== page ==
CHINA> National
Juvenile crime up among migrants
By Xie Chuanjiao and Zhan Lisheng (China Daily)
Updated: 2008-12-30 07:35

Juvenile prisoners attend class in a prison in Changsha, capital of Hunan province. [China Daily]

Juvenile crime in provinces with many migrant workers, such as Guangdong, Zhejiang and Jiangsu, has become a growing problem, as many migrant youths lack parental supervision, court officials said.


"Some of them dream of easy lives and pursue ways to make quick money to achieve their goals," an official with the research department of the Supreme People's Court (SPC), who refused to be named, told China Daily.

After arriving in cities without any special skills, they often commit petty crimes to make ends meet.

"This is a major reason for the increase in juvenile delinquency in these areas," he said.

Last year, 316,000 juvenile offenders were sentenced, accounting for one-third of the country's convicts. Among them, 87,500 were minors, the Supreme People's Court had said earlier.

The number of juvenile criminal offenses in Guangdong increased by 18 percent year-on-year from 2003 to 2007, the Nanfang Daily reported yesterday.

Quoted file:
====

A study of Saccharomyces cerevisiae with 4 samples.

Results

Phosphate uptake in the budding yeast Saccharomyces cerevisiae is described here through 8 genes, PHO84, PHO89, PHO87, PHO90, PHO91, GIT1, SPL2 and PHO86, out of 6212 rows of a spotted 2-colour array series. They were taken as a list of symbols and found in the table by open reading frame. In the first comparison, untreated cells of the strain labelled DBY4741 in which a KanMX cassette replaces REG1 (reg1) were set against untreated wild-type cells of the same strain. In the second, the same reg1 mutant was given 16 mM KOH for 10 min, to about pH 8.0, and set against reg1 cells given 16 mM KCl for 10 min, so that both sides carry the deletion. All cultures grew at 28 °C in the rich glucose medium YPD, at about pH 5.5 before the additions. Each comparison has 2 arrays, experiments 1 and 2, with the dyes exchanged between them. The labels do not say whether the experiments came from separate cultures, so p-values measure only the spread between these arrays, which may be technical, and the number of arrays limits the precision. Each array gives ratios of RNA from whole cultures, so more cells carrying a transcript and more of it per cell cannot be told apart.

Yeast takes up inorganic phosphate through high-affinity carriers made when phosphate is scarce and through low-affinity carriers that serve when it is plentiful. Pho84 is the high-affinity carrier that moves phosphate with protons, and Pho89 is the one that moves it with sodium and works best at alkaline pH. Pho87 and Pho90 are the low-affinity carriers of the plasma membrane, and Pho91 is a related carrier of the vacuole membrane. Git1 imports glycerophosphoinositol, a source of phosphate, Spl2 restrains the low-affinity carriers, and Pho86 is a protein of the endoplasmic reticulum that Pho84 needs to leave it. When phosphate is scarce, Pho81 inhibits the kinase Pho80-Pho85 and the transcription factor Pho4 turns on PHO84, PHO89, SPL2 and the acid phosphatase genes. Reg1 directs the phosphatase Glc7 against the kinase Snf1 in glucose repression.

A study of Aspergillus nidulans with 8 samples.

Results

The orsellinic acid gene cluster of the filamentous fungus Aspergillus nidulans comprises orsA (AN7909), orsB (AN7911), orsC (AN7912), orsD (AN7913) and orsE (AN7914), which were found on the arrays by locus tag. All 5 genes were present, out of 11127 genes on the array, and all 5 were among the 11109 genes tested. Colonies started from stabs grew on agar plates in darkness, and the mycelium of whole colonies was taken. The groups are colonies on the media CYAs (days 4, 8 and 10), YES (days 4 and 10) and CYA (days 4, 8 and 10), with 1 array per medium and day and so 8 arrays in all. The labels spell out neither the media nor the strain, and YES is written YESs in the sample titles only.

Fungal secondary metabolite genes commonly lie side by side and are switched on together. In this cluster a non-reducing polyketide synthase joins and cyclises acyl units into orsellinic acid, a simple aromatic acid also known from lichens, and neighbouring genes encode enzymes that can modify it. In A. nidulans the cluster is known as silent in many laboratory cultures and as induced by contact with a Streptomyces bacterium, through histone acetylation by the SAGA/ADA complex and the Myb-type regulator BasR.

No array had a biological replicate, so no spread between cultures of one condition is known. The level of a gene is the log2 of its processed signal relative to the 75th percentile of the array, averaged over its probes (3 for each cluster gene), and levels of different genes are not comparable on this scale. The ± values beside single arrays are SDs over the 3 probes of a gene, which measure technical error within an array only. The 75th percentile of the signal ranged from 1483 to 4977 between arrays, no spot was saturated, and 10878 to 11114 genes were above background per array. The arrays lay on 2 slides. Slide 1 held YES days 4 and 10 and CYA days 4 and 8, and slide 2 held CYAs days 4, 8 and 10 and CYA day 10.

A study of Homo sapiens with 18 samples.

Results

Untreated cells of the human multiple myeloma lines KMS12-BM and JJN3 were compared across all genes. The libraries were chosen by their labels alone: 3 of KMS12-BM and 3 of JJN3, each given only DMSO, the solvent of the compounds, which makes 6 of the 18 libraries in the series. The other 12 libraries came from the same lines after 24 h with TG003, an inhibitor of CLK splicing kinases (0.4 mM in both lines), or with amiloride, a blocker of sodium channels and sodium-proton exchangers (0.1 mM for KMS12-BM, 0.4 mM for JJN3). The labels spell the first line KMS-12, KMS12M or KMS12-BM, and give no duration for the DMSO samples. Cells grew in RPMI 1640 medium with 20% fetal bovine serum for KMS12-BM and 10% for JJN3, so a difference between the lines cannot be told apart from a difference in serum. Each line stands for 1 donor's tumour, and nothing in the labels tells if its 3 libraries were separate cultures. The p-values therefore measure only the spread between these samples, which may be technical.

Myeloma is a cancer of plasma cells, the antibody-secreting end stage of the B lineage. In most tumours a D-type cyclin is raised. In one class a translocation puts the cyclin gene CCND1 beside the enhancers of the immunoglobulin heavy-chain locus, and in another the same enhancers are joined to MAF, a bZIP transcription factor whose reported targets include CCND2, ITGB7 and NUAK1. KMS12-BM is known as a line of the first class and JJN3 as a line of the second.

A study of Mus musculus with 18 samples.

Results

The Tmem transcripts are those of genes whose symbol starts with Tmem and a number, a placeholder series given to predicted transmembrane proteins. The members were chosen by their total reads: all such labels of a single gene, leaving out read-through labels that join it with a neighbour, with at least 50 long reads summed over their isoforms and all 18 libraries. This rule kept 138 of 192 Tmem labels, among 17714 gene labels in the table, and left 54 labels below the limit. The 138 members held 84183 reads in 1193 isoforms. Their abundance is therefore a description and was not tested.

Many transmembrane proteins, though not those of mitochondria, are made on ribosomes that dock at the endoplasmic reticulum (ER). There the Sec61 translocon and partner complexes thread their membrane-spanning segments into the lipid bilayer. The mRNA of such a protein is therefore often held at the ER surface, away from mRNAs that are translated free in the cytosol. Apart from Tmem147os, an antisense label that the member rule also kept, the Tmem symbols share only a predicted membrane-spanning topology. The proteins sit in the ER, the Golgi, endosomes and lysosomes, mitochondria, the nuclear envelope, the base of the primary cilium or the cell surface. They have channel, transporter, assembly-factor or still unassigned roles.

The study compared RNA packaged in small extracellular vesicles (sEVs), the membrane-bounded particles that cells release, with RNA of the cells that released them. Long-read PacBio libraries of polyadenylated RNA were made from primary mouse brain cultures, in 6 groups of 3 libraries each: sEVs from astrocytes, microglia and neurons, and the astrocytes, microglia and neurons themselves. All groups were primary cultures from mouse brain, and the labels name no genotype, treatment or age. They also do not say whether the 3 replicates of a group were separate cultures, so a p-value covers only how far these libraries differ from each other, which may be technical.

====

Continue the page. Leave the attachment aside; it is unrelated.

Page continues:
In 2007, the number of juvenile offenders in Guangdong was 18,633, or 47 percent of its total criminal population.

Guangdong has 24 million migrant workers, accounting for nearly one-fourth of its total population.

Chen Jingfang, deputy head of the No 1 criminal law court of Jiangsu High People's Court, said that last year, teenagers from outside the province committed 87 and 80 percent of the juvenile offenses in cities of Suzhou and Wuxi, respectively.

Last year, the court registered a 9 percent year-on-year increase in juvenile offenses.

"The older generation of the migrant population is fine, especially since local governments have established residential buildings for them, and even buy them insurance," Chen said.

Once settled, they bring their families. But their children often have a hard time in these new cities, and the parents do not have the time or resources to care for them. Also, they do not have access to good schools, he said.

Both court officials pointed out such conditions lead to dysfunctional family lives that are detrimental to the children's studies.

In Haishu district people's court of Ningbo, capital of Zhejiang province, 95 percent of last year's teenage criminals came from other provinces.

Zhang Zhongjian, chief of the court's juvenile tribunal, said criminals are becoming younger and have lower educational backgrounds.

Among 273 juvenile criminals randomly sampled from among last year's cases, the youngest was 13, and 266 had educational levels lower than middle school.

"Property-related crimes involving violence, such as robbery and theft, accounted for 71 percent of juvenile crimes," Zhang said.

"Crimes committed by girls are also becoming crueler and differ less from those of boys."